Russian fighter jets had temporary permission to fly missions over Syria from Iran. Then Iran's parliament said no. The relationship between Iran and Russia has always lacked trust.
Foreign forces were based in Iran for the first time since World War II. Images of Russian planes taking off for Syria from the Hamadan airbase in northwestern Iran contradicted the claims of independence from outside influence that Iran's rulers have taken pains to maintain since the Islamic Revolution in 1979.
The foreign use of military installations is forbidden by Iran's constitution. On Tuesday, the speaker of Iran's parliament, Ali Larijani, accused Defense Minister Hossein Dehghan of "disrespecting parliament." A week earlier, Dehghan had refused to respond to a request from 20 MPs to detail the military relationship with Russia. "This is not a matter for parliament," he wrote.
Three days later, the defense minister made the surprising announcement that the military cooperation was over.
Dehghan accused Russian state television of "boasting" and an "unbecoming attitude" regarding public disclosure of the cooperation. Russia wanted to show its strength, he said: "This was not agreed to."
"Parliament, the public, the media, the experts: No one knows exactly what was arranged with Russia," Sadegh Zibakalam, a political scientist from the University of Tehran, told DW. "We also don't know what we want in Syria."
The Omran effect
Foreign policy decisions are made under the authority of Supreme Leader Ayatollah Khamenei and are rarely discussed in public. However, the presence of Russian fighter jets in Iran was cause for concern both inside and outside the country.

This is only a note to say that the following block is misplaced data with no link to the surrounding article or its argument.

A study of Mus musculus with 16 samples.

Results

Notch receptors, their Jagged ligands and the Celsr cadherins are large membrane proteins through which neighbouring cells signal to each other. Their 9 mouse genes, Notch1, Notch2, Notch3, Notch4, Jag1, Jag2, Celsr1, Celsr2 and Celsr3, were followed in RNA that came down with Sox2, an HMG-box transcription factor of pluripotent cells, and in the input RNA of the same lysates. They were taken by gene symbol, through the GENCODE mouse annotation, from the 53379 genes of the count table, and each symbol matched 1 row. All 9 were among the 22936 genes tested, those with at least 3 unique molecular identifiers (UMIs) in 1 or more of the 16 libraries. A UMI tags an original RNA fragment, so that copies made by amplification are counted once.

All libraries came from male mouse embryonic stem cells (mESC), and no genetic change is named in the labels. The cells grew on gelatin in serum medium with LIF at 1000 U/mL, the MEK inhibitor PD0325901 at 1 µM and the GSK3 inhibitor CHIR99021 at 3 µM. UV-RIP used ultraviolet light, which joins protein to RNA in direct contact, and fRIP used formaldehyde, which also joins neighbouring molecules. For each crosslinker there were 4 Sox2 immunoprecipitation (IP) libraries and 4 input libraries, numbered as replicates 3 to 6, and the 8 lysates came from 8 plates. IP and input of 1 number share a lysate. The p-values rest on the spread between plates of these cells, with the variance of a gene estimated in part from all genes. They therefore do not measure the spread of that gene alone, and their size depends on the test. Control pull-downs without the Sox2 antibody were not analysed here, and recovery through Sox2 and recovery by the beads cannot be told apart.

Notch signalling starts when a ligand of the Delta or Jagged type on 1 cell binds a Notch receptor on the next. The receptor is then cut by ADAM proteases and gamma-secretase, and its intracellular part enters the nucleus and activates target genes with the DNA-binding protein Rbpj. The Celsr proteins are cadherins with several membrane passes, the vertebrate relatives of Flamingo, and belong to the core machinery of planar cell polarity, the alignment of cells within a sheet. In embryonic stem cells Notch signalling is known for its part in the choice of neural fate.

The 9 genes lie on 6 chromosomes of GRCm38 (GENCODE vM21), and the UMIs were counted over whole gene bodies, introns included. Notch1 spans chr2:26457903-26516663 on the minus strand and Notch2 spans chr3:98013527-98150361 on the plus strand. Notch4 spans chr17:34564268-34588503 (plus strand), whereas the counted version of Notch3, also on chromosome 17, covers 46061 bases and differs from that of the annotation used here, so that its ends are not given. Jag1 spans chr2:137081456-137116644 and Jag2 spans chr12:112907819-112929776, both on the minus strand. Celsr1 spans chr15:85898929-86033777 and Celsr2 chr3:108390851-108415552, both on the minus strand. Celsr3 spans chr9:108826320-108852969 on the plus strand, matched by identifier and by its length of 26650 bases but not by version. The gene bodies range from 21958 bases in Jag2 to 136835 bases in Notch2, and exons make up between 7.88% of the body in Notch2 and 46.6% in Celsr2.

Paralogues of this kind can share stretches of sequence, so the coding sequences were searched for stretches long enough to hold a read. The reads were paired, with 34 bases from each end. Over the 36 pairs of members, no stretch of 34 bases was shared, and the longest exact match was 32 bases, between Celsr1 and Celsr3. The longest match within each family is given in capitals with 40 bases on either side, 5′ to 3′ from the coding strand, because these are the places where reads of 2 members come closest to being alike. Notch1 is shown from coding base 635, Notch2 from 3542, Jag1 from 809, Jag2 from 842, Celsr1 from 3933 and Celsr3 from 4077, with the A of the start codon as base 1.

Shortly after the agreement with Russia was disclosed, a video surfaced showing 5-year-old Omran from Aleppo sitting in an ambulance with a dazed look on his face, which was bloodied and covered with dust. Iranian media did not explicitly connect that image with those of Russian jets launching from Iranian soil, but they did sharply criticize the attack on civilians. Additional pressure came from the United States. Russia may have violated UN Security Council Resolution 2231, State Department spokesman Mark Toner said. The resolution forbids the sale, delivery or transfer of fighter jets to Iran.
Professor Zibakalam is skeptical of Iran and Russia's mutual interests in Syria. The Iranians want to work with President Bashar al-Assad to bolster their common allies in the Arab world. Russia wants to check US influence in the region.
"I presume the goal of this cooperation was to directly provoke the US," Zibakalam said. "Certain Iranian institutions, especially the Revolutionary Guard, are concerned about a possible warming of relations between Iran and the US following the nuclear deal. Defense Minister Dehghan is a member of the Revolutionary Guard." Iran's rulers distrust Russia. "Russia has profited the most - both strategically and economically - from the tense relations between Iran and the West in the four decades since the revolution," he added. "At the same time, Russia has agreed to every Security Council resolution against Iran, despite its veto power."
Iran has no interest in open conflict with Russia. Following Dehghan's harsh words, Foreign Ministry spokesman Bahram Ghasemi tried to smooth things over, saying Iran had limited Russia's access to the airbase on Russia's request. "It was a specifically authorized mission, which is for now over," Ghasemi said. He didn't rule out future Russian missions in Syria from Iranian territory should the "situation in the region" so determine.